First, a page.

Why Modern Comedies From ‘Cobra Kai’ to ‘The Flight Attendant’ Mix Tones

Original programming has evolved to an incredible degree in even just the past few years, and television comedies have been no exception. Long gone are the days of relying on a comfortable, four-camera, laugh-track-filled sitcom; what audiences look forward to from a TV comedy in 2021 is a far cry from the expectations of audiences 20 or even 10 years ago. So, as the world becomes more connected and audiences become savvier, comedy creators are having to toy with the genre in new ways in order to break through the crowded landscape.

One major way they are doing that is by blending a darker tone and heavier themes into their series.

“Half-hour television benefits from being more dramatic than it used,” says Josh Heald, co-creator of “Cobra Kai.” “I think the blending of genres has only resulted in more nuanced storytelling overall.”

The third season of “Cobra Kai” included funny moments, including Johnny Lawrence (William Zabka) trying and failing to impersonate a doctor, alongside a much more serious storyline about John Kreese’s (Martin Kove) time as a POW in Vietnam, as well as touching on his mother’s mental illness and suicide. Meanwhile, HBO Max’s “The Flight Attendant” starts with Kaley Cuoco’s titular character waking up next to a dead body in a panic, only for the tension to be broken by the character’s high-energy dance music ringtone. This sums up what the audience can expect over the eight-episode first season as she bumbles her way through playing detective. And Netflix’s “Master of None” completely uprooted its show in the third season, setting it in a countryside farmhouse and following the often-tense discussions between spouses Denise (Lena Waithe) and Alicia (Naomi Ackie).

“For me, it’s about writing a dark comedy that has life or death stakes and tension,” says Steve Yockey, creator and co-showrunner of “The Flight Attendant.” “If it were just a thriller or just a drama, then we wouldn’t be able to go as dark as we do. The comedy is what allows the show to go as dark, especially in the emotional corners. What we’re going to do is create tension and break it with comedy, so that you have this rhythm that’s pulling people through.”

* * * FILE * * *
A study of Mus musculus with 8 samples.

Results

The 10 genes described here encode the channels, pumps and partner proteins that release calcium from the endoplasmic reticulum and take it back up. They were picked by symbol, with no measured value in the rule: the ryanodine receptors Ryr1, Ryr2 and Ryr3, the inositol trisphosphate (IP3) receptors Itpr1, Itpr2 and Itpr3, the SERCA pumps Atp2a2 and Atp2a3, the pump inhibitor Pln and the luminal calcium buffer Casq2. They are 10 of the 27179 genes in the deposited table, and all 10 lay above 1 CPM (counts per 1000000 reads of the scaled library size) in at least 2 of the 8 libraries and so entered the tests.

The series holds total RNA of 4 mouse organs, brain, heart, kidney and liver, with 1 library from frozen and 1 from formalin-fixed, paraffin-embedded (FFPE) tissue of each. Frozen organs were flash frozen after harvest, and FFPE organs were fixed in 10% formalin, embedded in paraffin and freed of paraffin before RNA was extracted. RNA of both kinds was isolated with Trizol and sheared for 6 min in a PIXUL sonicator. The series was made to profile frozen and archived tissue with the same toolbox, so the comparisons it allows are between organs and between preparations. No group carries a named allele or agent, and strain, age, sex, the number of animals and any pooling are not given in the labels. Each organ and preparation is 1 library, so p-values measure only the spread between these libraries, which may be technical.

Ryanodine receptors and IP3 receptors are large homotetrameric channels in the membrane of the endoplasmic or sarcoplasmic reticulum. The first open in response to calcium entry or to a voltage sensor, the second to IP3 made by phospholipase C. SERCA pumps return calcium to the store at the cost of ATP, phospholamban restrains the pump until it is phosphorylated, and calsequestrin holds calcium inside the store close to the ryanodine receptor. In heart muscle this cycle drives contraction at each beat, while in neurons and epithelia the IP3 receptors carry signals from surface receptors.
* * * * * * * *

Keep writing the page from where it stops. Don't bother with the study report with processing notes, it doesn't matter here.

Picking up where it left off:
Another key aspect in keeping comedy fresh and modern is understanding how people of different cultures and age groups might find common ground.

“I think basic stories are universal,” says Regina Hicks, co-creator and showrunner of multicam comedy “The Upshaws,” which streams on Netflix. “At the end of the day, the approach in is different, but some stories resonate across the board.”

“The Upshaws” stars Kim Fields, co-creator Wanda Sykes and Mike Epps, and follows a Black working-class family in Indiana as they struggle to live the American dream. Eschewing many traditional multicam tropes such as hapless dads and beleaguered moms, the show instead incorporates serious discussions about blended families, money concerns and race.

In addition to expanding the kind of content being offered within new television comedies, welcoming new voices into the creation is essential, too. That is one of the most important lessons Rob McElhenney, co-creator and actor of the long running “It’s Always Sunny in Philadelphia” on FXX and the newer “Mythic Quest” at Apple TV Plus, has learned during his career. It was something he first picked up from his “Always Sunny” co-star Danny DeVito, McElhenney admits.

“He told me he wants to surround himself with young people and he wants them to tell him what’s funny. Because what happens is, if you aren’t at least attempting to understand the point of view and perspective of the next generation of people, then you’re just going to become a dinosaur, telling the same jokes and the same stories.”

And as dozens more new series enter the marketplace on a monthly basis, hearing the same material over and over from the same show, let alone multiple shows, is a surefire way to get the audience to turn toward something else.

“I think audiences now are a little bit more sophisticated,” Hicks says. “They’ve seen a lot. And I think people know more and have experienced more just because of the internet. So it’s not like people live in their own little bubbles anymore. You can’t fool them.”

But whether a comedy focuses on jokes per page or welcomes more dramatic tone into its storytelling, “context is everything,” McElhenney says. “Without a shared context, it’s almost impossible to find similar things funny.”